What helps us learn? Students’ view.

I have been asked to help out by teaching another class 6 periods a week.  As always in the PYP, we started by establishing our ‘essential agreement’.  I have blogged before about the process I used with my Year 5 class at the start of the year and, since that was successful, I decided to use the process again with this Year 6 group.  I asked the students to write down, first individually, then compare with their groups, ‘What helps me learn’ and ‘What hinders my learning’. I collated their thoughts  and brought them back for their approval, before using them as a basis for the essential agreement.  We all sign this agreement and constantly refer back to it if we find ourselves going off track and hindering our own or others’ learning.

I was struck, yet again, by how much students understand their own learning.  This is a summary of the things they are aware of :

  • They know that they learn best when there is co-operation and collaboration, but not too much noise.
  • They understand that learning requires mutual respect between students and teachers alike.
  • They know the difference between work and learning, so they don’t value worksheets, but prefer engaging and enjoyable learning experiences.
  • They understand that for learning to be effective, they need to talk quietly  one at a time and not call out.
  • They understand that people learn in different ways, each at their own pace.
  • They know they learn best when they feel safe and supported.

We should  get students to run professional development for us teachers, really we should…

3 thoughts on “What helps us learn? Students’ view.

  1. You are so right, students should run our professional development. I think that as educators we forget to ask ourselves these questions and can forget to consider how are students would answer (or never ask them to know first hand). The answers your students came up with are fantastic. I think I said this the last time you posted about the Essential Agreement, but it is worth saying again. When students are involved in defining and reflecting on what learning looks like to them, it is so much more meaningful!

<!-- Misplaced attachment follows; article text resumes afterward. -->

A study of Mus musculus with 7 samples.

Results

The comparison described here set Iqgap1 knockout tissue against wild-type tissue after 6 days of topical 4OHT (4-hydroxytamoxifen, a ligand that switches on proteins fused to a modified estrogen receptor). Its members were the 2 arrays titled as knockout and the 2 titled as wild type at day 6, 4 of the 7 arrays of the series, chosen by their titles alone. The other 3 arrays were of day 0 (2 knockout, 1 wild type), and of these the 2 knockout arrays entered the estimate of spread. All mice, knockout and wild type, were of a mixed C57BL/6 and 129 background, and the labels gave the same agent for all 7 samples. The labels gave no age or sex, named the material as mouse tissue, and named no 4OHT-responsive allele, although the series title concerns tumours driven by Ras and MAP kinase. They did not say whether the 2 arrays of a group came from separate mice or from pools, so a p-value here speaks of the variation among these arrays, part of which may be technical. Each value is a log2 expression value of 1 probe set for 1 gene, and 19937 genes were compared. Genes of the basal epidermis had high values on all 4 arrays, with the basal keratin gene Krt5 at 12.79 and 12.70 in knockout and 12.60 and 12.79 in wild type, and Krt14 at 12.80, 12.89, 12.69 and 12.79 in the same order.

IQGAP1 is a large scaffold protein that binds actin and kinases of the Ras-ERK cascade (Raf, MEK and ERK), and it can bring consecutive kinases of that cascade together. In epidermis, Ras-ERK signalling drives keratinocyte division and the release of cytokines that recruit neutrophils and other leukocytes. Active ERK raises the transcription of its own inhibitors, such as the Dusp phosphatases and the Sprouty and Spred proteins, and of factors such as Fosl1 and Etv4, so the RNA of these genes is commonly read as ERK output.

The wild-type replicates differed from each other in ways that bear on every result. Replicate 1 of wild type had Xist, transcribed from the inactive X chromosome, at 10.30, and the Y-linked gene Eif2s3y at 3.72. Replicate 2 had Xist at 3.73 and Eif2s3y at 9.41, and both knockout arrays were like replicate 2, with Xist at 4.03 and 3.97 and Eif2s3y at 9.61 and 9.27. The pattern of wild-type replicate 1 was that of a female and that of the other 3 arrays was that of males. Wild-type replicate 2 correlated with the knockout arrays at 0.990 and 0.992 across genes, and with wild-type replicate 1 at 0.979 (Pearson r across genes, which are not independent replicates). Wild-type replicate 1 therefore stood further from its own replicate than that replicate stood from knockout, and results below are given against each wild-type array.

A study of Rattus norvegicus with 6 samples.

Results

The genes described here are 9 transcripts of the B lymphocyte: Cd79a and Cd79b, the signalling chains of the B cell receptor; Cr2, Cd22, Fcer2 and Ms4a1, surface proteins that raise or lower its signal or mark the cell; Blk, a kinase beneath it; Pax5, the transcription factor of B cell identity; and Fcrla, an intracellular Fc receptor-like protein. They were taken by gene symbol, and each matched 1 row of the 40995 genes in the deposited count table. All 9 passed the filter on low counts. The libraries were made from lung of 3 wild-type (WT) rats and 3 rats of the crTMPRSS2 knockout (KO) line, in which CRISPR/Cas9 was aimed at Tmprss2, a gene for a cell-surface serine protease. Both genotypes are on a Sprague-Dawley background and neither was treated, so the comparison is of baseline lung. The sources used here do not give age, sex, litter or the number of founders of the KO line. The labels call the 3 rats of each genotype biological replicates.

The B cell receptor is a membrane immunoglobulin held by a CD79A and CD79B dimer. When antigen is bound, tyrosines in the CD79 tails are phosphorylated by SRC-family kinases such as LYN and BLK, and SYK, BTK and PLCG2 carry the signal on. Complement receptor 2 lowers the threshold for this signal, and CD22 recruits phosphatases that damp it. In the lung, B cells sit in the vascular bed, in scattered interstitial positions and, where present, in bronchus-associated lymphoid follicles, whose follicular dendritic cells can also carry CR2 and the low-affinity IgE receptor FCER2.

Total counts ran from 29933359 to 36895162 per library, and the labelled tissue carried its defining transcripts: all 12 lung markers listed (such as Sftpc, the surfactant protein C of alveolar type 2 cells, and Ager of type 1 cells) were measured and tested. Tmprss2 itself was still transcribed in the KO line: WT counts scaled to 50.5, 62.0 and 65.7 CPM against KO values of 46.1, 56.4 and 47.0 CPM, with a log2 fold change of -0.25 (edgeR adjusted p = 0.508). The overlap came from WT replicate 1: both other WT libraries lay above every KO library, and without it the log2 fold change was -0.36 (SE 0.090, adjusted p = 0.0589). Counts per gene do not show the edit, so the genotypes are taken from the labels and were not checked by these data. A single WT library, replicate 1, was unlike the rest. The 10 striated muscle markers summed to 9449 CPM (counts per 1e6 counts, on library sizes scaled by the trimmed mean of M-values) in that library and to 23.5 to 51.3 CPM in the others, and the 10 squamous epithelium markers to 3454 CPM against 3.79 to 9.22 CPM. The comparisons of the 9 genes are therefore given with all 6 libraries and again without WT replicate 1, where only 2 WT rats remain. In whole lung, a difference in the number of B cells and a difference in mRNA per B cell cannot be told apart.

2. We don’t always give our students enough credit for their understanding of their own learning. It’s amazing how they can articulate their thoughts and share some sophisticated thinking – they just need us to give them the space to do it.

    We are in the process of organising our state ICT conference and some of the suggestions have been that we should have more students present to share their learning experiences.


  3. What a great way to initiate discussion about essential agreements. At the beginning of the school year, we all signed our class essential agreement.
    About four weeks ago, three students raised concerns about the essential agreement and how they would like to revisit them. We have all changed and gotten to know each other and that is not reflected in our new agreement.